The Sweetest Spell by Suzanne Selfors

The Sweetest Spell by Suzanne Selfors
Walker Children’s | Hardcover, 404 pages
Publication Date: August 21, 2012
YA Historical Romance
Rating: 4 out of 5 Stars

One Sunday afternoon, while I was tittering with my current read and unable to find something that I wanted to devour in one sitting, I went to the basement in search of something good to read.

When I picked up The Sweetest Spell, I grimaced at its cover. I’m not a fan of girls in gowns. And it certainly looks like a historical that would fail to keep me entertained for the rest of the day. The one thing that changed my mind is the mention of chocolate; the legend of how this sweet indulgence was once a prime commodity that almost spur a war. Out of curiosity, I wanted to know how this came about.

A few chapters in and I was completely enraptured by the legend unfolding before me. This decadent novel will appeal to those who are fond of romantic fairy tales. But where the other fairy tales needed a man galloping in a white stallion to save the princess, this novel features a heroine who didn’t need a prince to save her. She saved herself, her people – even though there was a time when every single one of them shun her, even her father. She was born with a deformity; a foot that’s smaller than the other. At a time when such oddities are considered as a misfortune to the family, her father was advised by the midwife to get rid of her. As a newborn, she was cast aside to the edges of the forest. Her father could only hope that her death would be swift. He never anticipated for her to survive.

She’s pretty lucky in that way. She’s a survivor through and through.

She survived drowning when the entire village perished in the flood.

She survived being abducted by a greedy man who was willing to sell her off to the highest bidder.

She survived being a prisoner of the king and queen.

It’s a story about a kingdom who discovered the magic of chocolate. It’s also about a tribe rejected by the rest of the because they presume them to be barbaric and primitive.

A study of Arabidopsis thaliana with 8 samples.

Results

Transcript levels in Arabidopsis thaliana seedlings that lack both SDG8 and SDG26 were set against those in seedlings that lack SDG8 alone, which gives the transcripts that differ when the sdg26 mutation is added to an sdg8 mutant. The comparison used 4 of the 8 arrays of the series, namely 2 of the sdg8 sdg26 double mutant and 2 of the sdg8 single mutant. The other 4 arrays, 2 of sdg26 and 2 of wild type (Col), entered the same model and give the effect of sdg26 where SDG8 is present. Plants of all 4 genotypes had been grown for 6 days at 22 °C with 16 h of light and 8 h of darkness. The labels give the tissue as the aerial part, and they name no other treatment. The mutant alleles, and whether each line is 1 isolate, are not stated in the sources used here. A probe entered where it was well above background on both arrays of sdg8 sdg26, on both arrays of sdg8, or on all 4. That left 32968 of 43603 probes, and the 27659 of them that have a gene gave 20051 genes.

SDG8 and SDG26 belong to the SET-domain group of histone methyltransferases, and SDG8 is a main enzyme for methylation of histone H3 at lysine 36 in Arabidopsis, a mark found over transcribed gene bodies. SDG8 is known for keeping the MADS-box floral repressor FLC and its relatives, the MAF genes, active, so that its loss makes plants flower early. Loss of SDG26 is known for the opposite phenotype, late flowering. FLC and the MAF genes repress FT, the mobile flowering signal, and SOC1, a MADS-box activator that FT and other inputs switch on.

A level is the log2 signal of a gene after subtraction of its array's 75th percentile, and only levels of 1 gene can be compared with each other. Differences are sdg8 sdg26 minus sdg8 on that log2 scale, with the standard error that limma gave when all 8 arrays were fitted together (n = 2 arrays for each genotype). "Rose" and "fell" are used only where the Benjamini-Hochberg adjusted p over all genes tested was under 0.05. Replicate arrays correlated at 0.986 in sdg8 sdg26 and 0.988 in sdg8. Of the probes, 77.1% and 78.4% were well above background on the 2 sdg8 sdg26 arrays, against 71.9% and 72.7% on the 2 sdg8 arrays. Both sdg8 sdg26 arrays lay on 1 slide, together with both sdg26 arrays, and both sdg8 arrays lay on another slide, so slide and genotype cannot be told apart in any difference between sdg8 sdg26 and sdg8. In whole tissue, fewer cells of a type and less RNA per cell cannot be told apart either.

And what’s a fairy tale without romance? This one didn’t happen right away but it came in a sweet and slow progression – which is how I like my romance in novels. The dual perspectives aided in such a way that the readers would know exactly when the attraction becomes something more.

I tend to stay away from retellings of folklores that I am not familiar with but Suzanne definitely gave this one its own identity and charisma. This is probably one of the few instances when I wish a book is a series.

  • I agree that the cover isn't doing this book any favors. To be honest, I'm not particularly fond of fairy tales and I generally try to avoid them, but this sounds so incredibly sweet, a very pleasant and captivating read.
    Great review, Joy!

  • Sounds good that it left you wanting more. She sounds like a great heroine

  • Now that is my type of heroine! I probably wouldn't have picked this up either, but I am definitely curious now. Great review, Joy. I'm going to add this to my TBR and hopefully get to it one day.

  • Aw, chocolate <3 don't think I would like this book.. but I'm not sure, because you do make it sound pretty good πŸ˜€ glad the romance was good, and not too fast. <3 glad you ended up enjoying it πŸ˜€ thank you for sharing πŸ™‚

  • You have me completely convinced, Joy! I don't know why this hasn't really been on my radar before, but you definitely make me wish I could pick it up right now. I love the sound of the romance – slow and sweet, with a dual narrative, is exactly how I like it too. The premise is quite original as well. I'll have to check this out one day. Lovely review! πŸ™‚

  • I'm glad this one was a good surprise! it's a new book to me, thanks for the discovery!